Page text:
Collapse in first game of McCoy era reminds us it takes a while for Norvocaine to go away

Posted: 09/10/2013 in football

That’s right, the Chargers again blew a big lead – showing that it takes awhile to get rid of the “Norvocaine” once Norv Turner serves as coach of your team.

San Diego blew a 21-point, third-quarter lead this time around and fell 31-28 loss to the Houston Texans on Monday Night Football. Randy Bullock kicked a 41-yard field goal as time expired to cap off Houston’s run of 24 unanswered points. (see stellar game recap here – http://sltrib.sportsdirectinc.com/football/nfl-boxscores.aspx?page=/data/NFL/results/2013-2014/recap37607.html).

You might recall last season’s Monday Night Football meltdown against the Denver Broncos when the Chargers let a 24-0 lead get away. It was one of five times that San Diego blew a halftime lead.

The first game of the McCoy era wasn’t as ugly as last season’s collapse against Denver but you could see it coming. One of those obvious things too – you know, like knowing Eddie Royal would drop a key third-down pass.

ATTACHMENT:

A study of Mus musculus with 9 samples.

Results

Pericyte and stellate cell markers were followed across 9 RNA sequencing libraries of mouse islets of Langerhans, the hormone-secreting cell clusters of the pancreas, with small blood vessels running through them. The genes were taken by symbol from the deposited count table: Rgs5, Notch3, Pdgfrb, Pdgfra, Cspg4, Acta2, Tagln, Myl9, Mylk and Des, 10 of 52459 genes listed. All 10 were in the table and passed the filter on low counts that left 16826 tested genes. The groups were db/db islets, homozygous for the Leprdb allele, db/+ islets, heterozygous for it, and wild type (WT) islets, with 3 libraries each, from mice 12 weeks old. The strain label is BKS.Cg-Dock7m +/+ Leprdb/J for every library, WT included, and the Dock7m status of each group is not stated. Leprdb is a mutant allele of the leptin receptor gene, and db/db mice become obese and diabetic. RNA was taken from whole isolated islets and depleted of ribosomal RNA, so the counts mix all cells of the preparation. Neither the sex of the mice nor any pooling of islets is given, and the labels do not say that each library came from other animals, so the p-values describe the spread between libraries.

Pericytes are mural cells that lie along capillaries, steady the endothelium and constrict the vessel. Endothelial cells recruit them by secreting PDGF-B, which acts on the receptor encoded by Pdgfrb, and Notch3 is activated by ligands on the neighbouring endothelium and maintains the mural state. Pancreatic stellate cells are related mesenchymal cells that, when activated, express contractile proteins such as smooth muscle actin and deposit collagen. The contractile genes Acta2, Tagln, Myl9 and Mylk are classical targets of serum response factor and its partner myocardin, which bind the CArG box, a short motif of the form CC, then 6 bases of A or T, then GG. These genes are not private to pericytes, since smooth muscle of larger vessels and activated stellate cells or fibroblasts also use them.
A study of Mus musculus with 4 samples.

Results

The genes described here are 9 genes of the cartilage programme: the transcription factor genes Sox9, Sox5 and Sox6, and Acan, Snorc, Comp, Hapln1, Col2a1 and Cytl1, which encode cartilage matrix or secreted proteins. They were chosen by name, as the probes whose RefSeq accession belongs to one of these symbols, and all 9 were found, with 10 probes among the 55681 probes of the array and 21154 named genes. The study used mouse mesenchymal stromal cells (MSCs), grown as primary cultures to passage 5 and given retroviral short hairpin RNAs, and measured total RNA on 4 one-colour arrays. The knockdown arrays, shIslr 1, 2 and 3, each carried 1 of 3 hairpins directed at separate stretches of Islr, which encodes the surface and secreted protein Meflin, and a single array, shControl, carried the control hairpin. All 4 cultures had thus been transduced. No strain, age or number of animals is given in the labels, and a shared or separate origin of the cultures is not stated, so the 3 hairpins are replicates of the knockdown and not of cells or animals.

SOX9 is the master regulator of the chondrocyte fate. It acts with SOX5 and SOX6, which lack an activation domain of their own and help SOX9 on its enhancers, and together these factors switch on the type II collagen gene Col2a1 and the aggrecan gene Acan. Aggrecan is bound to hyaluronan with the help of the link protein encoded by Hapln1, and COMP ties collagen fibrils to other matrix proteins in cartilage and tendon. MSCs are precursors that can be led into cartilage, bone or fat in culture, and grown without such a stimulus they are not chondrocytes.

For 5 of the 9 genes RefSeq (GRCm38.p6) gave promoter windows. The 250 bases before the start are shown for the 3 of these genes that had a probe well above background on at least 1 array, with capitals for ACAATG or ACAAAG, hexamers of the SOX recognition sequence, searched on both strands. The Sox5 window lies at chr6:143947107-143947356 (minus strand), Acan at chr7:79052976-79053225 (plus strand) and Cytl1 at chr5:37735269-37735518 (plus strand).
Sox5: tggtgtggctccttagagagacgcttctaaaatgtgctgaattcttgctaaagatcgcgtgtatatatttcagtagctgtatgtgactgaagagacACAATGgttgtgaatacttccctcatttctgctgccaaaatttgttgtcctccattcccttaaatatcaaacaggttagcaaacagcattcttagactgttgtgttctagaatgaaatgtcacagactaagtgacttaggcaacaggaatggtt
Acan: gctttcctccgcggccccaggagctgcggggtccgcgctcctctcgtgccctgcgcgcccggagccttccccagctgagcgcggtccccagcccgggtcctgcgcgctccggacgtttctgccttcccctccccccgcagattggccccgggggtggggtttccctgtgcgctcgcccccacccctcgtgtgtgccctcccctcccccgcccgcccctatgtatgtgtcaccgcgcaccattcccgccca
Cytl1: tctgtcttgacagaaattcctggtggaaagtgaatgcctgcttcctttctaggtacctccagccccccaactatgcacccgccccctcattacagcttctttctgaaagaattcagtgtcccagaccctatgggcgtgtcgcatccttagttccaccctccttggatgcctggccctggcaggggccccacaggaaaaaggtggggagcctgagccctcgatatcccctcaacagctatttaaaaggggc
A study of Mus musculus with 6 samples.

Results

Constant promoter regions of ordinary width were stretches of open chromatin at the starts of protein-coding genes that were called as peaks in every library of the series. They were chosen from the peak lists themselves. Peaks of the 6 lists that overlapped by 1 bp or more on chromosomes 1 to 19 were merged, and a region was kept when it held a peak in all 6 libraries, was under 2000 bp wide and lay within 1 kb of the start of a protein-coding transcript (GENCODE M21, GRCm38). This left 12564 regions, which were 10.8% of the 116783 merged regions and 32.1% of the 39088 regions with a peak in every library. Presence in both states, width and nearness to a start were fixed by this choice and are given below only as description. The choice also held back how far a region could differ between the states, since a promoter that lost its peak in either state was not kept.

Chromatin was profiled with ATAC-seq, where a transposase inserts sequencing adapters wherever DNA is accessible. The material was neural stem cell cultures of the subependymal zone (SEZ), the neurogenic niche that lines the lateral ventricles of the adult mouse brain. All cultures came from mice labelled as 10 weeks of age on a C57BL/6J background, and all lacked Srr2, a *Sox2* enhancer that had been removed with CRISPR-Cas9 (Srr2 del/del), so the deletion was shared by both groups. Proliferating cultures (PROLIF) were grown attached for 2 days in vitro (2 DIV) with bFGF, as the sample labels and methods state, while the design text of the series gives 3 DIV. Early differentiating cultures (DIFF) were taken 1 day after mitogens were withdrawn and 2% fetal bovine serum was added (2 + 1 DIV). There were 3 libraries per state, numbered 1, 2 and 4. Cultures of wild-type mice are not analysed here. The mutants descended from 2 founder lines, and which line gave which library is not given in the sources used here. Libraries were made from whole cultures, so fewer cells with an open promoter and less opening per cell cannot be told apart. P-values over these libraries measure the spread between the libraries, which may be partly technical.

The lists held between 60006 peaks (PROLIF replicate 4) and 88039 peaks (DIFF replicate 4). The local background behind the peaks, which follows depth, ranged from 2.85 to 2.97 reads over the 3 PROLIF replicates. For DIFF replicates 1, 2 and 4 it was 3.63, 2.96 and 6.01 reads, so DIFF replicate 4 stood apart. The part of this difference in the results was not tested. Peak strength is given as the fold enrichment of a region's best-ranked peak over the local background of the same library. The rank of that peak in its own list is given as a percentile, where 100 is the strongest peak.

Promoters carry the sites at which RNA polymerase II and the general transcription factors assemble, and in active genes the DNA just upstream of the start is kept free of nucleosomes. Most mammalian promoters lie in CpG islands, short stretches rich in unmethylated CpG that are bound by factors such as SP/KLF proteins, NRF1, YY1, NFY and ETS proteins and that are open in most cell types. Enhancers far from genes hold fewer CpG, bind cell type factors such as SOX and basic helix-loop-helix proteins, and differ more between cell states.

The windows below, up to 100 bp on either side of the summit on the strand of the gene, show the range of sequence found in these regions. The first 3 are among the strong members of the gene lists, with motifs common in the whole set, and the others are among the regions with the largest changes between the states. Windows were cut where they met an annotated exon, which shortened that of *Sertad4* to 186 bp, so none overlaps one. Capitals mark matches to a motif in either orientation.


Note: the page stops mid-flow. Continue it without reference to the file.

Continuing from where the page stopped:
The Chargers led 28-7 when Texans receiver Andre Johnson got loose for a first down on third-and-18. Being the smart observer I am – or is the smart-ass I am? – I immediately predicted on Twitter that catch would mark the beginning of San Diego’s downfall.

And sure enough it was. Houston’s Matt Schaub finished that drive with a touchdown pass to Garrett Graham and the Texans got a huge break when trying to settle for a field goal on their next drive as San Diego’s Cam Thomas was called for a personal foul for unnecessary roughness on the snapper. Schaub hit Owen Daniels for a touchdown on the ensuing play and the Texans were quickly down by just seven points.

As any longtime Chargers’ fan knows, a collapse isn’t official until Philip Rivers does his part. The quarterback who threw four touchdown passes over the first three quarters made a poor throw that Houston linebacker Brian Cushing dove for and intercepted. Cushing got up and raced 18 yards for a tying score with 9:30 left.

By that point, the only suspense was figuring out exactly how the Texans would win the game. You knew it wouldn’t be the Chargers leaving the field victorious.

As Texans star J.J. Watt said after the contest — “in the second half, we just found a way.” You can say that about the Chargers too.

They found a way to lose.

Again.

Blowing a big lead against one of the AFC’s better teams is now magnified by the fact that the next two games are on the road against Philadelphia and Tennessee.

One collapse doesn’t make a season – but it also is a huge reminder of the killer instinct that the Chargers lacked under Turner.

All we know for now is they lacked it again in McCoy’s first game as head coach.